California Or A Third World Country?

An American Drinking Water Crisis That Dwarfs Flint, Michigan

California’s drought didn’t cause these third-world country problems, but it certainly exacerbated them.

The hardest-hit communities, most in rural areas that are not served by large municipal water agencies, relied on groundwater sources that are contaminated or dry. Their small water agencies don’t have the funding to operate and maintain new infrastructure projects that could treat the water or bring in drinking water from other regions. And the customers – most living well below the poverty line – simply cannot cover the high cost of this expense.

This tragic situation is a study in paradox. It cuts very close for me, in part because of the experiences of my professional life, but perhaps more by virtue of having grown up in a farm worker family.

In California, the sixth largest global economy – and one of the most affluent—more than 500 communities are served by water agencies that cannot provide clean, safe water to their residents.

California’s Central Valley is one of the most productive agricultural regions in the world, yet it is also one of the poorest regions in the state, where fringe communities have been hardest hit by the lack of clean water. Nearly 50 percent of the economically disadvantaged communities in the southern Central Valley have documented water quality problems.

Lack of water means more than daily inconvenience and devastation to meager family budgets. Contaminated drinking water causes health problems such as gastrointestinal illnesses, impacts to nervous and reproductive systems, and chronic diseases such as cancer.

In addition, the University of California, Davis, Center for Poverty reports that a lack of access to clean drinking water in rural California communities is leading residents to turn to sugary drinks and soda, which contributes to an increase in obesity and Type 2 diabetes.

It will come as no surprise that the Californians hardest hit by lack of water are primarily people of color.

California’s Community Water Center reports that water systems serving predominantly Latino and low-income communities have disproportionately high occurrences of arsenic and nitrate contamination, and that many low-income residents in affected areas are paying up to 10 percent of their monthly income to purchase clean, safe water.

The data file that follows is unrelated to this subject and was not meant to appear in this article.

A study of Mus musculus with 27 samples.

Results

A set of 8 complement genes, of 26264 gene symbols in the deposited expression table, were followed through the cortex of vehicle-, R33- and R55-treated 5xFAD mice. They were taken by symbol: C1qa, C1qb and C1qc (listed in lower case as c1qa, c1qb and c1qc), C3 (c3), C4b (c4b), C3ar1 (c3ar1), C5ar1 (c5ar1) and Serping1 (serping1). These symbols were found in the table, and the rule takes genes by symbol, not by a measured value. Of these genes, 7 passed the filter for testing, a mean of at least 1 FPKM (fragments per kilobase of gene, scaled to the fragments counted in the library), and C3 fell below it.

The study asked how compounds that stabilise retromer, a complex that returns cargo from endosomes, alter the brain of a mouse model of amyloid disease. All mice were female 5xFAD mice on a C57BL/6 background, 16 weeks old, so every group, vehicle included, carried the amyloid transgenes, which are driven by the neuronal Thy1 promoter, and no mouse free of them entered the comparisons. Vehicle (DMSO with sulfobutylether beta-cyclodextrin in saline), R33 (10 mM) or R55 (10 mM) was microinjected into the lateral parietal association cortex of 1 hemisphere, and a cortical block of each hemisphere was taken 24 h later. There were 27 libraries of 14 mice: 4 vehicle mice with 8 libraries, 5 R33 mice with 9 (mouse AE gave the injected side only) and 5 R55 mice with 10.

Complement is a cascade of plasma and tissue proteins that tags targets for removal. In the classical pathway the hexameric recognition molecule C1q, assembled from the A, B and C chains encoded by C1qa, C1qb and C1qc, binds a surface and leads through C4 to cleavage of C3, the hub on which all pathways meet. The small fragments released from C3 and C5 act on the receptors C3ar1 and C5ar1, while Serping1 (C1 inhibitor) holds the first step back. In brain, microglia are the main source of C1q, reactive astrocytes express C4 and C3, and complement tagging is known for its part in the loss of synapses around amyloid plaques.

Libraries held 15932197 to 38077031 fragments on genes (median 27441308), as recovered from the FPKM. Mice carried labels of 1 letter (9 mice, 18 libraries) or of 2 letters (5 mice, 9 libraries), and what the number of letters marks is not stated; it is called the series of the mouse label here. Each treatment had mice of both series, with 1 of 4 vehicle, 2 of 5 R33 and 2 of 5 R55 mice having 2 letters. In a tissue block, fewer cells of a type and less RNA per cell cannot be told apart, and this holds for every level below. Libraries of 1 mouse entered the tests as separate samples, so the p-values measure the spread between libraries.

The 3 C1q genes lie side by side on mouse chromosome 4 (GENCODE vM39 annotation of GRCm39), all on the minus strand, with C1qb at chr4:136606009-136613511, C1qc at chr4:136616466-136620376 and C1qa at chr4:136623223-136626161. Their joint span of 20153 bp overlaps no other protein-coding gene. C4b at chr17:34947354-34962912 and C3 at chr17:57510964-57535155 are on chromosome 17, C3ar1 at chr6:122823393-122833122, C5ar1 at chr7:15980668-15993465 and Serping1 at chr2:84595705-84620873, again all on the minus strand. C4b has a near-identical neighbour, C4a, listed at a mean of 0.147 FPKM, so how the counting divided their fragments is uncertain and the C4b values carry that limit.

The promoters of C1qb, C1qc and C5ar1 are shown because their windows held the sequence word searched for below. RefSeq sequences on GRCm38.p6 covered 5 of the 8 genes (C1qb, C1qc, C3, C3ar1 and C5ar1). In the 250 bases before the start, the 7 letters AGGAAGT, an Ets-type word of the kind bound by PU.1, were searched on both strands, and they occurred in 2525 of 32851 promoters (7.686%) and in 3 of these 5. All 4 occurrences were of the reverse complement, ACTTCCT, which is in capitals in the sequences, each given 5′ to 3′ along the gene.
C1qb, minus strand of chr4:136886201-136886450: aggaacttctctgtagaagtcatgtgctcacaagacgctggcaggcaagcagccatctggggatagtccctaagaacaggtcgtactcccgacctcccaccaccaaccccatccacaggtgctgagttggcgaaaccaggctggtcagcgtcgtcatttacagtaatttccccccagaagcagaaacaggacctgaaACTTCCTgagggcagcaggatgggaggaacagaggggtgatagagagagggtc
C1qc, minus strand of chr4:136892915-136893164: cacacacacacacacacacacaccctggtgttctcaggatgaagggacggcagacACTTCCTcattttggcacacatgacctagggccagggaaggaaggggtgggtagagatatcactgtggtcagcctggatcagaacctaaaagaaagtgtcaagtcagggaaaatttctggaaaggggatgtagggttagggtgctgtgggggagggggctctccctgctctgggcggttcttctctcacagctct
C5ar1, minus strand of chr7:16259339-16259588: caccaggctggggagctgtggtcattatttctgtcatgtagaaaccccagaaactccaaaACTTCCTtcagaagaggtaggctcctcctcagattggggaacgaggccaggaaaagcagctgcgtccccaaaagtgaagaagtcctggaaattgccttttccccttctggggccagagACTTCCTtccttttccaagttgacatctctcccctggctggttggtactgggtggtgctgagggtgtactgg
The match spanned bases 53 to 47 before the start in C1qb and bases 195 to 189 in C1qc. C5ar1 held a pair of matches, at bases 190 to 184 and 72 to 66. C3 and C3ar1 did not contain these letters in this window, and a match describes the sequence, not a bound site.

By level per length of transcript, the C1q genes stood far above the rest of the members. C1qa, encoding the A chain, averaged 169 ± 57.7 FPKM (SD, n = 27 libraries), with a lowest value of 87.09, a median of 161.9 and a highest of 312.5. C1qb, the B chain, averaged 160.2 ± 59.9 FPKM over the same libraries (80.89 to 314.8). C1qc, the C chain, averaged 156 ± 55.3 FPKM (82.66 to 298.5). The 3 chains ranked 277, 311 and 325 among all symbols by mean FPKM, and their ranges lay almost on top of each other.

California doesn’t just have a water crisis. It has a human crisis.

We must all advocate for local, national and global policies that provide safe drinking water to every Californian. As a compassionate and innovative society, we must tenaciously work to find solutions to these problems.

The impact of California’s long drought has motivated collaboration among formerly competing interest groups to find solutions that were previously unthinkable. This situation calls for the same kind of willingness to do what is right.

Matt Rodriquez, secretary of California’s Environmental Protection Agency, reported last year that hundreds of millions of dollars have been committed to emergency water supplies, water conservation, and water infrastructure projects across California. The state encouraged troubled water systems to voluntarily consolidate with larger, better-funded systems, and in some instances forced such consolidation. Where consolidation is not an option, the state offers technical and managerial assistance to the water agencies that are struggling.

This is good progress, but it is clearly not enough. California needs additional near-term and long-term solutions.

In 2015, California voters approved $500 million in bond funds to pay for new water infrastructure, but bond funds can’t be used to cover the costs of operating and maintaining new water projects.

Federal and state agencies must find a way to cover these additional costs, and the poorest citizens should be offered subsidized water rates. It is also imperative that local residents be engaged in governing their local water resources.

For the long-term, California must develop sustainable water management systems that effectively accommodate the state’s changing climate and water supply realities.

California’s drought has been a wake-up call on many fronts. Let’s use this renewed interest to drive action. By 2021 we should provide 300,000 Central Valley residents with a reliable, affordable supply of clean, safe water.

People need water. Hundreds of thousands of Californians are suffering without it. It is time to permanently solve the problem.

Cruz Reynoso is a former associate justice on the California Supreme Court and the Third District Court of Appeal. He is currently is professor of law and the Boochever and Bird Chair for the Study and Teaching of Freedom and Equality at the UC Davis School of Law. Reynoso has also been professor of law at UCLA and the University of New Mexico. From 1994 to 2004, Mr. Reynoso served as vice chair of the U.S. Commission on Civil Rights. Earlier in his career, he was director of California Rural Legal Assistance, Inc. and deputy director of the California Fair Employment Practices Commission. He is the son of Mexican immigrants and was a farm worker in California fruit orchards. In 2000, Reynoso received the Presidential Medal of Freedom, the country’s highest civilian honor, for his lifelong devotion to public service. He also is a recipient of the Hispanic Heritage Foundation Award in Education.